WASHINGTON — Lin-Manuel Miranda returned Monday to the room where it happened. And, at the behest of first lady Michelle Obama, he brought the entire cast of his mega-hit musical, ‘‘Hamilton,’’ to that room — the East Room of the White House.
It was in the East Room seven years ago that ‘‘Hamilton’’ had its first out-of-town tryout of sorts. Invited to perform at a White House poetry slam, Miranda gave the first public performance of a song from the show, then called ‘‘The Hamilton Mixtape,’’ that he had only begun to write. That hip-hop number, ‘‘Alexander Hamilton,’’ would in fact become the prologue of the groundbreaking musical, for which Miranda would compose more than 30 other songs, including such popular numbers as ‘‘Helpless’’ and, yes, ‘‘The Room Where It Happens.’’
Michelle Obama, who has seen the show twice — once in its initial off-Broadway run at the Public Theater and again after it moved to Broadway last summer — long lobbied the show’s creators to pay a visit to the White House and have cast members participate in an education program and sing selections from the show for local students. Finally, that day came. On Monday afternoon, dozens of excited area high-schoolers gathered in the White House, where the first lady recounted meeting Miranda at the 2009 poetry slam and being surprised when he told her what he planned to perform.
‘‘He said, ‘I’m going to do a piece about Alexander Hamilton,’ ” she recalled. ‘‘Now Barack and I, we’re open-minded. But we looked at each other like, ‘OK, this should be interesting.’ ”
‘‘Of course,’’ she added, ‘‘we were blown away.’’
Watch: Lin-Manuel Miranda raps in the Rose Garden
‘‘Blown Away’’ could have been the subtitle of Monday’s gathering: The students, from schools including Laurel High School in Maryland, Osbourn High School in Manassas, Virginia, and Loudoun County High School in Virginia, screamed loudly when Obama made her entrance, but they were even louder when Miranda, the musical’s star, was introduced, along with cast members Daveed Diggs (who plays Thomas Jefferson), Phillipa Soo (Eliza Hamilton) and Christopher Jackson (George Washington).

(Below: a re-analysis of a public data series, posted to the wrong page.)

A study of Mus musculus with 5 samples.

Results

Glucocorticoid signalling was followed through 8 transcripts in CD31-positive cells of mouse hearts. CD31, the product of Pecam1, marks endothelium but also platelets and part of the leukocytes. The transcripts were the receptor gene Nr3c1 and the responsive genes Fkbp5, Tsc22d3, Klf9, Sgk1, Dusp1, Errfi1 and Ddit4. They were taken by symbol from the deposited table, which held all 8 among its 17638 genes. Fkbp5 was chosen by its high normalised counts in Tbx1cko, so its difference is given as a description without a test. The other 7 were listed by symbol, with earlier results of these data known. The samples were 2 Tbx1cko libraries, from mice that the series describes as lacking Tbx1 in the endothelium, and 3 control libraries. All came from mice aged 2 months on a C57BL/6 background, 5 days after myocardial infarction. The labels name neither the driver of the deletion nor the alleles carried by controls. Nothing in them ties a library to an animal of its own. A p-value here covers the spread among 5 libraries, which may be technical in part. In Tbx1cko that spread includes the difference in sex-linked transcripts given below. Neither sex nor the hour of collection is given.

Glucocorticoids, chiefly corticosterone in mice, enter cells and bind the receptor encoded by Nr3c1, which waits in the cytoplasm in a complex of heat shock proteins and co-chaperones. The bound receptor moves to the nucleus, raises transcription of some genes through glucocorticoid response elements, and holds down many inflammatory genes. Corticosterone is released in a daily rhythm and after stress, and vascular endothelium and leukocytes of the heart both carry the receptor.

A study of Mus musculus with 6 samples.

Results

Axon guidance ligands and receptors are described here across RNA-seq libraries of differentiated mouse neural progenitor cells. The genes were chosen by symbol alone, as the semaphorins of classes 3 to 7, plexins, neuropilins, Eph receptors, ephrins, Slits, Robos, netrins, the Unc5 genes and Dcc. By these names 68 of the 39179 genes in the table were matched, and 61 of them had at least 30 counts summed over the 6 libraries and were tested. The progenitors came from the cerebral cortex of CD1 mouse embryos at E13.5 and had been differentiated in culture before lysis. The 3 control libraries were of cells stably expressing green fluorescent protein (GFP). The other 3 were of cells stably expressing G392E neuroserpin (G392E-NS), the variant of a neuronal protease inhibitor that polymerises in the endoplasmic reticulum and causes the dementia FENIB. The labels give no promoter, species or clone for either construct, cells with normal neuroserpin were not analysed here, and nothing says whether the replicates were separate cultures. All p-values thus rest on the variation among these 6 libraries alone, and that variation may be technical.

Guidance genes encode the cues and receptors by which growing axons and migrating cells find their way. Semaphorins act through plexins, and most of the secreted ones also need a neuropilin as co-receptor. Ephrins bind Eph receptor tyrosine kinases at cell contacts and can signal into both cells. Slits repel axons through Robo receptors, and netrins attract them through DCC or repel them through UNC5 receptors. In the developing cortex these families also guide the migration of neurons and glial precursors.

The Obamas have emerged as a more fervent team of boosters for a Broadway show than any occupants of the White House in recent memory. (President Obama saw it last summer, too.) In fact, the first lady described ‘‘Hamilton’’ as ‘‘the best piece of art in any form I have ever seen in my life.’’
How’s that for an endorsement?
The first lady was clearly hoping that some of Miranda’s passion would rub off on the teenagers. ‘‘I think you are some of the luckiest young people on the planet,’’ she said, as they applauded.
Later in the afternoon, the cast performed selections from the musical in the East Room after a series of student performance workshops led by Miranda and the actors, as well as a question-and-answer session.
Sitting behind Obama during her opening remarks, Miranda looked slightly embarrassed by the lavish praise. ‘‘Thank you for moving mountains to be here,’’ she told him. When he took the microphone, he received a thunderous reception from the students.
‘‘Hi, guys, I’m Lin Miranda. What we’re really here to do is play with you guys,’’ he said. Soon, the students were split up and led into separate rooms for sessions with the ‘‘Hamilton’’ cast.
Jeffrey Seller, the show’s lead producer, said the students were asked to prepare their own performance pieces — poetry, rap or short plays — and base them on a figure or an event from the American Revolution. The concept was, aptly enough, getting its tryout at the White House: It will be rolled out again by the production in the coming weeks, with 20,000 New York high school students getting tickets to ‘‘Hamilton’’ through a grant from the Rockefeller Foundation.
‘‘This has been an obsession of the first lady’s since soon after she first saw the show,’’ Seller said. ‘‘She said, ‘We would love for you to come to the White House for an education program.’ But we didn’t yet have an education program!’’
Seller, one of the original producers of ‘‘Rent,’’ wasn’t surprised by the students’ enthusiastic reception. ‘‘They all know ‘Hamilton’ from the CD,’’ he said. ‘‘I’ve never seen a musical reach its target audience so fast.’’
During the question-andanswer session, a young woman from Laurel High School wanted to know about the casting of ‘‘Hamilton’’ and why so many actors of color were hired to portray the white men and women who fill Alexander Hamilton’s own story.
‘‘The reality was we wanted to eliminate any distance between then and now,’’ said Thomas Kail, the Alexandria, Virginia, native who directed ‘‘Hamilton.’’ ‘‘If the world looked like now and sounded like now, (the show) could build a bridge,’’ he said.
Judging from the electric atmosphere in the East Room, that bridge is solidly in place.